Friday, 27 July 2012

Breakfast- Tokyo, Japan

Hello

I have a 2-year-old daughter, Shiho who goes to nursery on weekdays. If both parents work in Japan, they usually fight for limited seats available in nurseries. Luckily my daughter has gone to one since she was 6-months old. Nurseries are available until they start elementary school at age 6. Great thing about nurseries is they feed kids lunches and snacks prepared by qualified nutritionist. I must admit her diet is much healthier and perhaps more appropriate for the age than the stuff I cook. Nonetheless, I try my best to prepare delicious breakfast for her (and my husband of course) when only time all three of us sit around the table together on weekdays.


Though many people prefer 'Western' style breakfast and cannot wake up without their coffee these days, my family still prefers 'ordinary' style in the morning which consists of a bit of different dishes on the table, generally. Rice and miso (soya-based) soup (seaweed, tofu & leeks usually go into this) is a must. In addition, we usually have some proteins, in this case Japanese-style omelette with bonito flakes, fermented beans, and also some baked fish (usually a type of mackerel or salmon). Grapefruits is her most favourite fruit so routinely comes up on the table.

The photo seems a bit too much for 2-year-old girl, but it is shared with my husband and myself apart from rice & soup. We have own bowls for those.
Although preparing such breakfast seems a hard work at 6 am in the morning, it is in fact quite easy. Five-minutes to grill the fish, mix the beans with soy sauce, and prepare omelette & soup in between take about 10 minutes. Rice cooker does its work before I wake up.

Food-O-Meter: 8/10
Mouthfuls: countless
Courses: Breakfast
Health rating: 10/10
Price: About $2 for her portion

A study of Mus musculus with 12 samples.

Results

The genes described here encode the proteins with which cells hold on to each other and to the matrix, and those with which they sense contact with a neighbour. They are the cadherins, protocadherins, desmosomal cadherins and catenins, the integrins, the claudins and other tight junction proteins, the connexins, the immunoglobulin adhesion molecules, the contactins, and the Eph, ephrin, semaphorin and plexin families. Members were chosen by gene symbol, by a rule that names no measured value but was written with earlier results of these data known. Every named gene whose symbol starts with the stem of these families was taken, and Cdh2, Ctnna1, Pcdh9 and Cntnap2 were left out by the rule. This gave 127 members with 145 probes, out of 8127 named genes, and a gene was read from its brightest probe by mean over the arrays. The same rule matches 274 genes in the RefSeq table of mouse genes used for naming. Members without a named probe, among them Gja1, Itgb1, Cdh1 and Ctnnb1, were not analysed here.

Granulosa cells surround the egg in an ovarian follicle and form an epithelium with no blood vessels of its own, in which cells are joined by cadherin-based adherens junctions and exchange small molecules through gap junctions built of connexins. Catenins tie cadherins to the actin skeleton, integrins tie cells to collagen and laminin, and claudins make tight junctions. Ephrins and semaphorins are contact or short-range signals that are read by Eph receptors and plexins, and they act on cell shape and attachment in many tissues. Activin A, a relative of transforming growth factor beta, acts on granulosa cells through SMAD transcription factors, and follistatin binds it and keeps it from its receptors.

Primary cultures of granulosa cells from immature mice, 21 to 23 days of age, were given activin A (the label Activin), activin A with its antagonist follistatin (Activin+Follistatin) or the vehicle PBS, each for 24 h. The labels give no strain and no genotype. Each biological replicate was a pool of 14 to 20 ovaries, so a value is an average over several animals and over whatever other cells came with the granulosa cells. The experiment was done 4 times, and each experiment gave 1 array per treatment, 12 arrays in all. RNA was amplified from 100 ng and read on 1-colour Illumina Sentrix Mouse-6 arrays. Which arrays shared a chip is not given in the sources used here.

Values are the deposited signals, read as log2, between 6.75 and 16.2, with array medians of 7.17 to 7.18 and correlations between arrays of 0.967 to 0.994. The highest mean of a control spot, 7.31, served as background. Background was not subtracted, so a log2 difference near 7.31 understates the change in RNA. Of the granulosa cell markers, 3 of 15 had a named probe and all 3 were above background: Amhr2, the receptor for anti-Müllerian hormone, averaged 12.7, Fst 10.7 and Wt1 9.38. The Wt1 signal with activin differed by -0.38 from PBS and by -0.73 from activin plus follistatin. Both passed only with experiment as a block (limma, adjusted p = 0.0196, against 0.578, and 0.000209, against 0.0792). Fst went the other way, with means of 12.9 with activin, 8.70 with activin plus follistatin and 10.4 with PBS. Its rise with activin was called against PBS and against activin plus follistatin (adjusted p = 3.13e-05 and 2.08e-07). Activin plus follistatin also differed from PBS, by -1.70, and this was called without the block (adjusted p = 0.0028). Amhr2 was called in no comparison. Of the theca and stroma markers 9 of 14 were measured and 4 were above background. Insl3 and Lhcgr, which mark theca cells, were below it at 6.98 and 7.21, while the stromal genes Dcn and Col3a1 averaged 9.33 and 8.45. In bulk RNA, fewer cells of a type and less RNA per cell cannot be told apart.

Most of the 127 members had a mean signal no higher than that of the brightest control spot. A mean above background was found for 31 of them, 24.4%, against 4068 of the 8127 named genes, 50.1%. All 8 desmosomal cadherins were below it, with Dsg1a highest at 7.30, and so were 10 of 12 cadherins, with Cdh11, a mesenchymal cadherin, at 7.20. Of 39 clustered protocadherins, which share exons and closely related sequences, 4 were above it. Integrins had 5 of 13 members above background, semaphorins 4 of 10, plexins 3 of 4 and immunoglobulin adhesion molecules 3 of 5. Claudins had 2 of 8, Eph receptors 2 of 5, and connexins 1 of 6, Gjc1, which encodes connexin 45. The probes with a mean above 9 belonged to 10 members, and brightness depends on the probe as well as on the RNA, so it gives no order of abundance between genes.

Pieces of hair: 0
Pieces of rice stuck on her face and clothes: about 20.
Pieces of bones thrown onto the floor: 5

Lastly but not the least, I'm grateful that one of my friends who posted on this site the other day introduced me to this site (Thank you, RAHA!). I was amazed by how interesting looking at what people eat in different places, and also the fact that they do make it so attractive for kids so that they eat well. Hope readers enjoyed the breakfast from Asia, too, which is very much different from other parts of the world - it seems heavy, right? But nothing on the table used any oil or sugar, so keeps us feel light even after the meal :)

Best wishes
Asuka

24 comments:

  1. This looks great and quite healthy. How long do you spend eating your breakfast?






    I do like as mentioned in previous posts the additional 'pieces of' comments and the 2 added to this blog have me smiling, brilliant.

    ありがとう


      Low calorie, low price, no preparation. Somehow my skin is in better condition on the day I eat it than the day I do not.



    @Asuka: thx for sharing this. I'm very interested in asian meals, especially in breakfast :) But what about Onigiri? I thought, it is a typical japanese breakfast.




    .. though I'd rather have that for dinner instead for breakfast. At least as long I'm here in Germany. On a visit to Japan I'd happily try to adapt to local eating customs ;)

    MaikD


    Love your Blog VEG, and i often post a link to your blog on my Facebook page. Keep up the GREAT job!:)
    Jess- Boston (MASS), originally from Brazil :)



    My mom's Japanese, so I grew up on rice, fish and miso soup, though I've only eaten it for breakfast once in a while. I love tamagoyaki. My grandparents eat natto, but I can't get past the smell honestly. Definitely an acquired taste.